I was able to successfully download the .iso file onto my USB drive using Universal-USB-installer, and was then able to load the Ubuntu installer.

However, when I chose the option to "install Windows 7 and Ubuntu side-by-side", the computer restarted and then opened up Windows instead of continuing to install Ubuntu.

Then, I tried to change the order in which my computer chooses to boot...booting from the hard drive was ahead of booting from a USB drive, so I switched that. Then I tried to install Ubuntu again, and the the same thing happened...I chose "install Windows 7 and Ubuntu side-by-side" and the computer restarted, and instead of continuing to install Ubuntu, I got prompted to begin the Ubuntu installation process (or to "try" Ubuntu).

Any suggestions???

Also, I tried to the "Windows installer" by downloading wubi.exe that was supposed to be quick and easy...but then I was only allowed to choose a 30 GB installation size (the partition that Windows is on has currently 92.95 GB with 65.21 GB in Free Space, according to Windows' Computer Management). I'd like more than 30 GB on Ubuntu, and I don't see why it's not allowing me to choose more than 30GB...

    
I do not know if I have an encrypted partition...do you know how I can check and possibly change this? –  dblazevski May 7 '12 at 0:36
    
I think the Ubuntu live ISO has gparted installed.From your post it is known that you could run the live media.On loading do select "try ubuntu", then run gparted from menu.It will display your entire hard disk and see how much space available free.If there is an encrypted partition,it never recognize that part. –  beeju May 7 '12 at 0:42
    
It's not encrypted. I was also able to see it on Windows' Disk Management (this is how I know that it was 90+ GB in size and had 65+GB in free space) –  dblazevski May 7 '12 at 1:15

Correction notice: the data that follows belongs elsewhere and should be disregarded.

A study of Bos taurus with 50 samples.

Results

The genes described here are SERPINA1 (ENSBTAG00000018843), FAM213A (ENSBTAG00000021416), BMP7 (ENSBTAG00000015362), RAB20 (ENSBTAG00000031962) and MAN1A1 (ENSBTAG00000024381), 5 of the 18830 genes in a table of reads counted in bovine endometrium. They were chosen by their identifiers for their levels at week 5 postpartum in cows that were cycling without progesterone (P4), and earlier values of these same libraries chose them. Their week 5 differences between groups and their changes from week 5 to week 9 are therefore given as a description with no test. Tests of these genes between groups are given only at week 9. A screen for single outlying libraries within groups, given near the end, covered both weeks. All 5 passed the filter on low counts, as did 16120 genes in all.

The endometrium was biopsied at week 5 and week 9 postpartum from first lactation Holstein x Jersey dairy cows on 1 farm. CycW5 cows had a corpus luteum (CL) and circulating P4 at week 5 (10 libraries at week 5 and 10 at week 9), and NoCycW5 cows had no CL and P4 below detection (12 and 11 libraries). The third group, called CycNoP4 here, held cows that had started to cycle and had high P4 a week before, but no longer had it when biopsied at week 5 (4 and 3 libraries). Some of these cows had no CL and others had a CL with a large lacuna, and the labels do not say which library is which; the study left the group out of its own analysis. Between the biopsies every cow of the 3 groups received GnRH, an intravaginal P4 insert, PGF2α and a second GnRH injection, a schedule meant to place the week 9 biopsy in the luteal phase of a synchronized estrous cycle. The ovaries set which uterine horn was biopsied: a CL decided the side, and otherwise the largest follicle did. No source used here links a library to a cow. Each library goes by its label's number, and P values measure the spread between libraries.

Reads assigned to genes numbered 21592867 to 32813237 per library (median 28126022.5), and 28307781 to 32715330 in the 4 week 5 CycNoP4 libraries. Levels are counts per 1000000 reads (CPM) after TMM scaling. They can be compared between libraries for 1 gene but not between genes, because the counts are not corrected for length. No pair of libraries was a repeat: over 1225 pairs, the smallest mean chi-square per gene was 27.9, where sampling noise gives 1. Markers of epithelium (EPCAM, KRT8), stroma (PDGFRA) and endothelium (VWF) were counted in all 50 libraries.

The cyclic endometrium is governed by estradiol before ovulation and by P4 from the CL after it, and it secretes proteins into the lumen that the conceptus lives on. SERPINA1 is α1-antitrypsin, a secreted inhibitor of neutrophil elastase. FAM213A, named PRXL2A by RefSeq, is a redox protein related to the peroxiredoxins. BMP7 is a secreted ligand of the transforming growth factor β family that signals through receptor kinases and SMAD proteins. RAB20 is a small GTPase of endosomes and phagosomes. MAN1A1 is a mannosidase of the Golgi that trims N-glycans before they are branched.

Possible reason:

  • When you choose to use the option "install Windows 7 and Ubuntu side-by-side", what ubuntu does is , it will shrink the current windows partition. Create a new partition and install ubuntu on to that. Now Shrinking is the problem because windows system files may be fragmented over many areas in the partition. That's why it can't give you more space than 30GB.

  • Why GRUB is not being installed? : From windows disk management, check whether the disk is marked as dynamic disk or basic disk. GRUB can't be installed in dynamic disk.

Post a picture of windows disk management console window if you need more help.

Resolutions:

  • Create partition manually and install ubuntu.

    Open disk management in windows, right click on C: and choose to shrink. If it can't shrink to the size you wanted, You have to repartition your disk and have to reinstall windows and then install ubuntu with desired size.


I will update my answer, please post an image before and after shrink.


Manual partitioning

Consider that this list is long because it guides you closely and was intended to be very comprehensive.

I think this list of steps should fix your problem, but only run it if you can re-install Windows (in case anything goes wrong or you care about having it):

  1. Backup the data on Windows' you care about, i.e. user files, applications, etc.
  2. Defragment your hard-disk. This can be done from Windows.
    Contrary to intuition, files don't stack up in order in a hard-disk. They can be represented by spread out papers in a box. When you create a new partition you are chopping this box into two pieces: the first being your Windows partition and the second your Linux partition. If your Windows files are stacked up in the Windows piece of the box, you will lose no data the moment you divide your disk; otherwise you will. To stack the Windows files as required - at the beginning of the partition - you defragment the disk.
  3. Boot from the USB and "Try" Ubuntu.
  4. Partition your system with gparted.
    There are plenty of guides on the subject already which are easily findable. The idea here is that after defragmenting your disk you will be able to shrink your windows partition manually to a desired size, and use all the rest for Ubuntu.
  5. Install Ubuntu and when prompted to select the installation type, select manual; there you will use the partitions you made on step 3.
    Make sure that in step 3 you create a primary partition for GRUB, and that in this step you will let Ubuntu install GRUB in such partition.

By installing Ubuntu this way, you are assured that Ubuntu has available as much space as there is available.